Monday, May 28, 2012

The annual camping trip - 2012 version

Now that I've lined up the numerous bags (3 packs, 1 tent, 1 sleeping bag, plus some other random stuff) to tote all of the stuff that I *must* have for a total of 3 nights and 3 days, I don't ask myself why don't I go camping more often.  It requires SO much stuff.  And I have no doubt that I will have forgotten something.  Plus, I am not even schlepping pots and pans and other items that are often required for camping.  I am, however, taking my wetsuit, two towels and plenty of other odds and ends for the trip.  Thus, the gazillion bags!

This is the annual camping trip that I take - or have taken for the past 3 years.  Gasp, this is year four, so I must be turning into something of an "old-timer" on this particular trip.  It is not for pleasure, although there are many fun moments, as I head north with fellow teachers and a large group of students for a final hurrah to the year or to the high school career.  As I piled up clothes and gear, it did make me wonder why I no longer camp on my own - or with Michael as a great way to travel and experience new and familiar areas.  I admit that I do prefer to spend the night on a bed, but there is something so wonderful about being outside, so close to the sky and to the earth, in a tent.

The last time Michael and I camped together was this trip, and just looking at the pictures makes me want to go back and do it all over again.  It also makes me wonder when did I stop hiking and camping so much.  Oh, yes, the swim, bike, run training and racing thing which can often take over most and all free time which I have to dedicate to 'training'.  It also requires that all of the money I spend on gear, well, I spend it on THAT sort of gear rather than on a new filter for a water bottle.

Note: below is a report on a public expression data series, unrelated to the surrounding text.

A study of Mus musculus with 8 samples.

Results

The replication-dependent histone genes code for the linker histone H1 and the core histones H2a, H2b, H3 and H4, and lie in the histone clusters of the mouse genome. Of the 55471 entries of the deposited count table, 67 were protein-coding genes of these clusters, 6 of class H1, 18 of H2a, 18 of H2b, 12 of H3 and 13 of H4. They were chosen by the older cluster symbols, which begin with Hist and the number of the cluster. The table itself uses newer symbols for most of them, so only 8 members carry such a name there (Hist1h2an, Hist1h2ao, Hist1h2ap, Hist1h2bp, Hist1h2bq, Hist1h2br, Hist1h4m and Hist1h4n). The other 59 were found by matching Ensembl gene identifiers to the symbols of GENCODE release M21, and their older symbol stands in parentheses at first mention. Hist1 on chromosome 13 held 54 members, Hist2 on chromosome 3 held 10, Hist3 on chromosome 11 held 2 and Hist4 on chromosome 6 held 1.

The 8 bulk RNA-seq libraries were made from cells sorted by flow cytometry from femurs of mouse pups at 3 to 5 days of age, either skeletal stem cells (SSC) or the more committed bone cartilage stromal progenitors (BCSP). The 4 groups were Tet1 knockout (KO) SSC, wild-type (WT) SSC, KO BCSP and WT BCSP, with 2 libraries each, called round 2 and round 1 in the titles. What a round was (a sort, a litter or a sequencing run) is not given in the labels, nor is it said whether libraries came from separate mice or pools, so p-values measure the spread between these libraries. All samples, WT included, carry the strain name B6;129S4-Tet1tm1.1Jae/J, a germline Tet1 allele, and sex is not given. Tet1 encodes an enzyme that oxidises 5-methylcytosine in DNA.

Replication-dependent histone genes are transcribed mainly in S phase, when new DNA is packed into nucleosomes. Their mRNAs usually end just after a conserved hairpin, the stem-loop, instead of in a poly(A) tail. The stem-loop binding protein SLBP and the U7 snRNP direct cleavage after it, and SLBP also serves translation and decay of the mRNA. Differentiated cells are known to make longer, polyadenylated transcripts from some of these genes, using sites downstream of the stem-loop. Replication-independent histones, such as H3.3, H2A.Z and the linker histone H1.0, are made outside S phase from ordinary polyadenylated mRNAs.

But pulling out the tent and the backpacks and my lovely Thermarest does make me feel nostalgic.  It is definitely time that I go camping without my colleagues and students, as much as I like them, and without it being a work obligation.  After all, putting the 'work' limits or expectations on camping changes the meaning of the experience all together.  And I would like to return to the true meaning of camping.  You know, struggling with the tent, cooking dinner in a small pot and eating out of said pot, falling asleep as soon night falls while listening to the quiet that surrounds you.  Soon, I hope!

For now, however, this trip signals the end of the academic year, and it is a nice way to bring so many different aspects of the year to a close.  By Thursday, I will feel anxious to return, but I look forward to being so close to the coast that I can easily run or walk there, perhaps practicing some easy yoga at sunset and having all of my meals prepared for me.  There are worse things in life, especially when I can take in beautiful scenery and sneak in a few moments of relaxation.  Now that is camping!